In the News

Latina Teen Pregnancy Surveys Should Avoid Blame

Monday, June 1, 2009
Silvia Henriquez
RH Reality Check

A recent opinion survey makes a good attempt to identify the social and cultural dynamics that may lie behind the high rate of pregnancy among U.S.-based Latina teens. Existing efforts to curb teen pregnancy miss the mark for many Latinos, and more investment like this is needed to identify better messages and programs. Unfortunately, the limitations found in this type of study lead to more questions than answers, and the accompanying analysis leaves itself exposed to the potential for scapegoating - rather than helping - Latino teens and their families.

Survey results reveal that, similar to other racial and ethnic groups, Latino teens are most impacted by their parents when it comes to decisions about sexual activity. Further, Latino teens are not getting enough information about contraception from parents, and believe that their parents are not sure how to discuss sex with them. Most of these views are consistent with those obtained from parents and teens in other demographic groups, according to past polls. Exploring how historical socioeconomic disparities affect the way Latino teens and their parents discuss sexuality topics would have perhaps yielded richer results. For example, the study reports 43% of Latino teens don't get information about contraceptives from their parents, but doesn't ask whether parents have the tools necessary to do this effectively or at all. Over 25 percent of U.S. Latino adults lack access to a regular health provider and health-related information.

Information about Latina teen pregnancy and childbirth should be presented in a way that enables the public to understand the exact dimension and context of the issue. Data should illustrate to what degree sexuality health and planned reproduction is being exercised by Latino teens, but also by non-Latino youth. It is a fact that young Latinas share the highest birthrate among all groups (83/1000), but teen childbirth among other minorities is also high. Also, the birthrate among 15-to-19-year-olds across all ethnic groups rose 1.4% from 2006 to 2007, and more births were also reported among women in their 20s, 30s and 40s and older unmarried women. High childbirth rates are not exclusive to Latino adolescents; yet, when data are presented without comparative analysis, it is easy to single them out as the only group with a high rate. The incomplete picture stigmatizes young Latinas as sexually irresponsible.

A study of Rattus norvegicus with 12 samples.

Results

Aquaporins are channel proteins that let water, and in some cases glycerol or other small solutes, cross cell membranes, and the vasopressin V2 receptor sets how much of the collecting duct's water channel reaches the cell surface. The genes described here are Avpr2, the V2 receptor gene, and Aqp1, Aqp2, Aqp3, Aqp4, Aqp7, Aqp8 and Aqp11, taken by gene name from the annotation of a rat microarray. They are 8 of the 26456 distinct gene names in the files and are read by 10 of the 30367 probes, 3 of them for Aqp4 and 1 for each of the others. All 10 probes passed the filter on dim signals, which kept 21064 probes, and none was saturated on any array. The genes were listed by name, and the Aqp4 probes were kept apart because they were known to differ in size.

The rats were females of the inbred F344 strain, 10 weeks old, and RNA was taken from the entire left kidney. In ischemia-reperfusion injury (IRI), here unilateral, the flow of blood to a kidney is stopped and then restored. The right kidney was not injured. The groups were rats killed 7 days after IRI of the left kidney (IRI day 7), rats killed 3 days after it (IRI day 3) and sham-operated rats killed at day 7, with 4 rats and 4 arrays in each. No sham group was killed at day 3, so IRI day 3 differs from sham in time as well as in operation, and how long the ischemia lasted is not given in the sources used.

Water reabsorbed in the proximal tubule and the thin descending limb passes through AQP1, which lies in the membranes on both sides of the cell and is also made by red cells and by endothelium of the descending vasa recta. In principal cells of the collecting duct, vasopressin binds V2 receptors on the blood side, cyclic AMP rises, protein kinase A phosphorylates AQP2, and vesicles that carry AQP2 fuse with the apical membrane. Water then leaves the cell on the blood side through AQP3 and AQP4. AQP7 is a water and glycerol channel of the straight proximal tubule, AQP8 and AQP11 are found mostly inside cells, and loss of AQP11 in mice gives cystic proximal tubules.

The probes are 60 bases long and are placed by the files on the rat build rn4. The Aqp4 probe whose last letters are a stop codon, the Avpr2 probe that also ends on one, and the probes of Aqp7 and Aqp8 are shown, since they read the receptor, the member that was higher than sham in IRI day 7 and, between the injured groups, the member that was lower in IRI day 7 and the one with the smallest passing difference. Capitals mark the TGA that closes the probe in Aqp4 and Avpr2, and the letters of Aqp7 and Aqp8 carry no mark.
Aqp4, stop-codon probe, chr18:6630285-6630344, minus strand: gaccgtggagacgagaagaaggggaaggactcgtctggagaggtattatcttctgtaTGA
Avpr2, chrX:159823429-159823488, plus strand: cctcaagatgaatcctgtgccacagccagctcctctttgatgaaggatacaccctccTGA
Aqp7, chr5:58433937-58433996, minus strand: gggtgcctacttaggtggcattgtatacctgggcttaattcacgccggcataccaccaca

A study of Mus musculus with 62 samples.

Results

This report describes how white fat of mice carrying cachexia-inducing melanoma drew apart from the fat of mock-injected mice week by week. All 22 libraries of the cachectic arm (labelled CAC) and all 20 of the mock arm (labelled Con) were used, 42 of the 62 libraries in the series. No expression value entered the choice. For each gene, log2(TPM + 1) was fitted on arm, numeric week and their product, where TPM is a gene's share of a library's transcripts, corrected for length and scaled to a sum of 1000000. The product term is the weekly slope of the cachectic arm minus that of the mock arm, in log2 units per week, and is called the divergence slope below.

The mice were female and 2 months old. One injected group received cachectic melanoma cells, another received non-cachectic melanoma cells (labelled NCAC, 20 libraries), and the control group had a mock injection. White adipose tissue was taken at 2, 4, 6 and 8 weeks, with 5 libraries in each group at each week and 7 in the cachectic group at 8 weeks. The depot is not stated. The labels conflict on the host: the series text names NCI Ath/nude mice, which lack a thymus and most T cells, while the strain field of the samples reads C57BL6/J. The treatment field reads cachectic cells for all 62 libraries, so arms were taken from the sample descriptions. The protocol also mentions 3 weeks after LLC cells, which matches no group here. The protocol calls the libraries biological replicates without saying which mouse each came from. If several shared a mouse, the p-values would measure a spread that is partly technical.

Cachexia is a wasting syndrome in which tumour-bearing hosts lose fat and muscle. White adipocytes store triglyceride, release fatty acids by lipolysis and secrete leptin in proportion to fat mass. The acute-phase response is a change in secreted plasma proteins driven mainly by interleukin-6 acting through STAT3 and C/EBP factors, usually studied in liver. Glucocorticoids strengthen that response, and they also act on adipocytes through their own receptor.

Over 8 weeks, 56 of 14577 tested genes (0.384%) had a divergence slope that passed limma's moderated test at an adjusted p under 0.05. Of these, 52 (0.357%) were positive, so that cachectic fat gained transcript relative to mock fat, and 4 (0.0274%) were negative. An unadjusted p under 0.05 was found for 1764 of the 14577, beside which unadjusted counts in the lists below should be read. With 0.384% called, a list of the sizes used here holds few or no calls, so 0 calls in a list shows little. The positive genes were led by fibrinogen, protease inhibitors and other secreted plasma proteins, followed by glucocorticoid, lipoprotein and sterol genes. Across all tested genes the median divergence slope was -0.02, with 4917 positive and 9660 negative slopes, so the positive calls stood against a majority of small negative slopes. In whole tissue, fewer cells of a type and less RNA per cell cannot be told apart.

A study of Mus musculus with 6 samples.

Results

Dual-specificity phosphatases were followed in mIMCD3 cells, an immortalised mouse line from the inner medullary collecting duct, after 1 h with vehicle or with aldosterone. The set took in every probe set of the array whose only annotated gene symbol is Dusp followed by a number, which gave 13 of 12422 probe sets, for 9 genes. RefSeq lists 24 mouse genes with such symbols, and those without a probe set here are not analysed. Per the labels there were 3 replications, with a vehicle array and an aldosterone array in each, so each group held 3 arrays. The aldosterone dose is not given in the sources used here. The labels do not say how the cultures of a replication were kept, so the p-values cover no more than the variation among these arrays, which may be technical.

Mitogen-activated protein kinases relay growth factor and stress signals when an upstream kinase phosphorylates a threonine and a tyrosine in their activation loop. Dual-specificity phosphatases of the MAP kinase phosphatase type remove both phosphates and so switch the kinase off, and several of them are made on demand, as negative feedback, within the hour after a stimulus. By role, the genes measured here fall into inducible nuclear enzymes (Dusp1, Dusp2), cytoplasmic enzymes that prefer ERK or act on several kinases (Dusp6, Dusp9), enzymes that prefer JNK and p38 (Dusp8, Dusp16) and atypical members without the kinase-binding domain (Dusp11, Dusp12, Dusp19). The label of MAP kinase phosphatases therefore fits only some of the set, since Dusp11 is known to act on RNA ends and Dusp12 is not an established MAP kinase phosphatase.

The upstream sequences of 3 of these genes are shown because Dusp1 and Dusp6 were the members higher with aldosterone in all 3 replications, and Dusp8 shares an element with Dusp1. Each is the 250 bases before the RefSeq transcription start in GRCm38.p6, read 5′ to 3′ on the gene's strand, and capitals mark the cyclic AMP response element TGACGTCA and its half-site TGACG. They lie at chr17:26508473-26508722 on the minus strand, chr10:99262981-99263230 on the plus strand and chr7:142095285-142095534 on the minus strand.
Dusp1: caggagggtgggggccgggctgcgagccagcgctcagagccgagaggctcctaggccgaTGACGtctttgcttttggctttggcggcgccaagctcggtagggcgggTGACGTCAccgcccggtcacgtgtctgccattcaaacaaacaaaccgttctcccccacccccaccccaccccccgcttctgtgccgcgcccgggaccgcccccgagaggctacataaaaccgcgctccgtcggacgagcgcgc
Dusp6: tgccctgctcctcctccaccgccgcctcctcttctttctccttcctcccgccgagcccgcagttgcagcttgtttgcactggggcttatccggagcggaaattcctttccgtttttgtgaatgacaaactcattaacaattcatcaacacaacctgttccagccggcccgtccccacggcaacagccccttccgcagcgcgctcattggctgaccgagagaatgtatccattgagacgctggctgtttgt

Most studies focusing on Latina teen pregnancy call for culturally competent education and prevention programs, and we couldn't agree more. One-size-fits-all approaches to sexuality education have consistently failed to resonate with Latinas' cultural values. Motherhood at any stage of life is a value embraced by many Latinos. Instead of focusing on the importance of planning and preparing for the real-life expectations, joys and challenges of motherhood, most current prevention efforts inundate Latino teens with fear-inflicting messages that portray childbearing as a negative life event, one that kills dreams and opportunities. Moreover, there is often a conflation between ‘pregnancy' and ‘childbirth,' ignoring termination - a crucial option that could be available to young women.

Teen pregnancy should not be the only focus of studies aimed at understanding the reproductive health of Latino teens. The same lack of access to medical care, appropriate information and prevention programs that leave Latino teens without the tools to plan for pregnancy also generates other important issues, including sexually transmitted infections, which must be addressed with equal urgency in the national conversation led by the media, as well through appropriate legislation.

Additionally, fair reporting of research findings is necessary to avoid myopic news reports and biased perceptions toward Latinos. Currently, many media reports tend to present facts about Latina teen pregnancy in scandalous language, subtly portraying Hispanic childbirth as an epidemic that must be stopped. Information about pregnancy rates is often presented in the context of increased poverty, minority population growth and even undocumented immigration. While individual statistics are not prejudiced in themselves, combining them into negative reports to imply association can feed existing xenophobic attitudes toward Latinos and even foster new ones.

We must be careful not isolate teen pregnancy as the only issue affecting Latinas and Latinas only. Their sexuality is shaped by a multiple of socioeconomic realities and unique cultural aspects. Survey studies on the subject should accurately reflect that.